Citi Looks to App Store Model: As the fintech industry has blossomed, a slice of banks' customers have shifted to the fintechs for certain financial services, such as managing their budget or consolidating loans. Now, the banks need to reel them back in. Heather Cox, chief executive of Citi Fintech, thinks she has figured out how to do it – she plans to "fintegrate" what the competition is doing. In other words, integrating the attractive elements of fintech into Citi. On her own smartphone she has Venmo, Square Cash, stock-gifting app Stockpile and apps of five traditional banks and a brokerage firm. She's currently overseeing an upgrade to Citi's banking app that will give customers access to the other fintech apps through their mobile sign-in. Cox, who was previously chief client experience, digital and marketing officer for Citi's global consumer bank, is one of American Banker's Most Powerful Women in Banking and was the 2015 Digital Banker of the Year.
Just a Little Too Late: "Is a woman making it onto the U.S. currency just as disruptive technologies are making cash obsolete?" asks Carol Juel, chief information officer at Synchrony Financial, referring to Treasury's plan to put abolitionist Harriet Tubman on the $20 bill. Juel uses Tubman's appearance as a proxy for the disconnect between the statistics that show the potential women have to help transform society and commerce through STEM-related fields and the real-life situation, such as the dismal number of women running companies. It's time to "put women where we need them – at the forefront of technology-driven disruption," Juel says. The World Economic Forum has estimated it will take about 80 years to achieve gender parity in the workplace. Juel is one of PaymentsSource's Most Powerful Women in Payments this year.
The Ties That Bind: Though hit hard by the financial crisis, Synovus Financial now has risen to become one of banking's most reputable brands. Liz Dukes Wolverton, Synovus' chief strategy officer, says the company's pain perhaps lasted longer than others because it chose to be patient with delinquent borrowers who made an effort to pay their debts. The bank had $3 billion of losses over three years, but as real estate values rebounded, Synovus was able to move assets off its books at higher prices – restoring its health and its good name. Wolverton credits the strong ties it built with its customers and the community involvement of its executives with helping fuel the bank's rebound. "There was a lot written, pretty accurately, about our financial condition," Wolverton said. "If we didn't have that local connectivity and presence in the community, it would have been very easy for a lot of people to walk away from Synovus."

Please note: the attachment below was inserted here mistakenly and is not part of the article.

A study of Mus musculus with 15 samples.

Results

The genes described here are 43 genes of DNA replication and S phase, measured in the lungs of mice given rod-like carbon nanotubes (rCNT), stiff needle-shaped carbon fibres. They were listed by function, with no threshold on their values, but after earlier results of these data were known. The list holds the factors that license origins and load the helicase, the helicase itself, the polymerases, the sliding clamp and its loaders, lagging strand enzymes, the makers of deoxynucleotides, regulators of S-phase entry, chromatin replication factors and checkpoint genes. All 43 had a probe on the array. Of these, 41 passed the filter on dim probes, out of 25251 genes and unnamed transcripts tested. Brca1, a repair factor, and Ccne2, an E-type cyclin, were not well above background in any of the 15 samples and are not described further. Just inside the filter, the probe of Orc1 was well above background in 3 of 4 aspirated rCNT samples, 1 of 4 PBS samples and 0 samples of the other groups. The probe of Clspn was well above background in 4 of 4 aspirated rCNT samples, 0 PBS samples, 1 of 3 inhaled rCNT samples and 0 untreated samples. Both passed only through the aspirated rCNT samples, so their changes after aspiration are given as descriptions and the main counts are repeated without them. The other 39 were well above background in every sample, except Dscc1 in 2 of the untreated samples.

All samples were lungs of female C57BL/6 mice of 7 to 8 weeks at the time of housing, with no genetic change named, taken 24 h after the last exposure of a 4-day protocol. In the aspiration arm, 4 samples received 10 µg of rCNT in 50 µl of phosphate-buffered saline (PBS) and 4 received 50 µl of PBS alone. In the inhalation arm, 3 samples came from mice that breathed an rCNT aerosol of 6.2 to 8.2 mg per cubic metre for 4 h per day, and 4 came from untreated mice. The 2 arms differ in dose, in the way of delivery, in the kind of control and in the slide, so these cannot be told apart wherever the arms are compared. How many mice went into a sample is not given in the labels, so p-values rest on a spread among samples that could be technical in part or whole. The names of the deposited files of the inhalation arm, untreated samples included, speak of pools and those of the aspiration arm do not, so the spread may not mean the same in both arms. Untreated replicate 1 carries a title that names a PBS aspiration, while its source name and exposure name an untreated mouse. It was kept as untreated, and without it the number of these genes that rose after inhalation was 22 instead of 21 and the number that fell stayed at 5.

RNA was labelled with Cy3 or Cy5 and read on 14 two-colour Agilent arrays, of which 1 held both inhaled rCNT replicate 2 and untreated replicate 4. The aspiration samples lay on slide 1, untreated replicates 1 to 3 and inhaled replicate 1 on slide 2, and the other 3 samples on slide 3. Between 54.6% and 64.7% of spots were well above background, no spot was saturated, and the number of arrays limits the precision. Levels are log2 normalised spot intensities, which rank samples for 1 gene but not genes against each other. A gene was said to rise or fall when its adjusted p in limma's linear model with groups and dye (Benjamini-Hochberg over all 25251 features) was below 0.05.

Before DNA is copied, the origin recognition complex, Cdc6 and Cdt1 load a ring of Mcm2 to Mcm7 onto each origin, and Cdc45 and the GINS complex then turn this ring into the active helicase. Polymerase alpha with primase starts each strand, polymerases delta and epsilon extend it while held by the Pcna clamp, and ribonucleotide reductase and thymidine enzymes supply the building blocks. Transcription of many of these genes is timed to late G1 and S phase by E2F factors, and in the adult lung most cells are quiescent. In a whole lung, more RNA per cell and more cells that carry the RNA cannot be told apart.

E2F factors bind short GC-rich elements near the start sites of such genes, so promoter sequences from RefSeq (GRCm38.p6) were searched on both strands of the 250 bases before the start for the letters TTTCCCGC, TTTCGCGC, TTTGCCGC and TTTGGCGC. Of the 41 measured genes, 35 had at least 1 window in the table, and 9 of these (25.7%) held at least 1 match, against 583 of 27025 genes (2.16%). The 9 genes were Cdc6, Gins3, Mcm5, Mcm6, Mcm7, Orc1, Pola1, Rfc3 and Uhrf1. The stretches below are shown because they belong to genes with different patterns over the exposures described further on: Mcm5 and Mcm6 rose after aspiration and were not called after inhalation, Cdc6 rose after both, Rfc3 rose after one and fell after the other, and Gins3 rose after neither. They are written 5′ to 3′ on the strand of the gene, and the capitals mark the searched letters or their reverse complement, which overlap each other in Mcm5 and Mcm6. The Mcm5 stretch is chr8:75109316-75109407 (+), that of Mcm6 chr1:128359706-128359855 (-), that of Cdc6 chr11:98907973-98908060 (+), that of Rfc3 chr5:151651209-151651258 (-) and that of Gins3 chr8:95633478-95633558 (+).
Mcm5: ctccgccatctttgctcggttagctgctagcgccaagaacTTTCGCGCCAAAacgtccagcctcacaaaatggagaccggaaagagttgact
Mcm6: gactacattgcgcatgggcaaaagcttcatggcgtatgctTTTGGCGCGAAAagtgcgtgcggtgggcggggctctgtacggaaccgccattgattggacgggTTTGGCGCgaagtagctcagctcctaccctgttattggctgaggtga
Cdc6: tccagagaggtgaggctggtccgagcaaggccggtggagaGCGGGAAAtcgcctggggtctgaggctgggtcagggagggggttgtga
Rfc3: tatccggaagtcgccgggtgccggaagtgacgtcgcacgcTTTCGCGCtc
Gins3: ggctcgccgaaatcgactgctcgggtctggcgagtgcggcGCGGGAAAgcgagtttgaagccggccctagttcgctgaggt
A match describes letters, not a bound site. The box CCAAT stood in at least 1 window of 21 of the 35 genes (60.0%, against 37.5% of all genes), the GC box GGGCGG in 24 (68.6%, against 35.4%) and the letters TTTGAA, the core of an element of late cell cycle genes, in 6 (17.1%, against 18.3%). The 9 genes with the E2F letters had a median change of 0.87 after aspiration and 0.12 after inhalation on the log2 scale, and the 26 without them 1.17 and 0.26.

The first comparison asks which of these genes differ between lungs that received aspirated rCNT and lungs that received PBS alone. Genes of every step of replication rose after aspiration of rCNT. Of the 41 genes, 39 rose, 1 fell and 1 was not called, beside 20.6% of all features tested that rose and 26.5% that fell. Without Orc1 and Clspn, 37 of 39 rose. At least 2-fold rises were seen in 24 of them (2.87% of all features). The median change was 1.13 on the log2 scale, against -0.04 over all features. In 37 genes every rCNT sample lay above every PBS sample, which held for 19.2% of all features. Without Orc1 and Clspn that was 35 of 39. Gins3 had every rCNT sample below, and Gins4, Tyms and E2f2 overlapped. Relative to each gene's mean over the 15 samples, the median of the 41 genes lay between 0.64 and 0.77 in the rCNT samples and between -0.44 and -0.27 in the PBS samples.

What Would Fintechs Do Post-Brexit?: London has emerged as a mecca for fintech companies in the last few years, with more than half of the startups there in financial services or payments. But the U.K. vote to leave the European Union has created a lot of uncertainty for these startups. Some FemTech leaders have weighed in on how a Brexit might affect the appetite for collaboration between banks and fintechs.
Will the SEC Push for Board Diversity?: Securities and Exchange Commission Chair Mary Jo White said the agency would propose a rule to give investors even more information about diversity of board members. "The low level of board diversity in the United States is unacceptable," White said. "Our lens of board diversity disclosure needs to be refocused in order to better serve and inform investors." She noted that women make up 20% of Fortune 500 company directors, compared with 15% in 2009. The Government Accountability Office has estimated that, at this rate, "it could take more than 40 years for women's representation on boards to be on par with men's," she said. Whether she can enact the rule before she leaves her post – expected before the next president takes office – remains to be seen.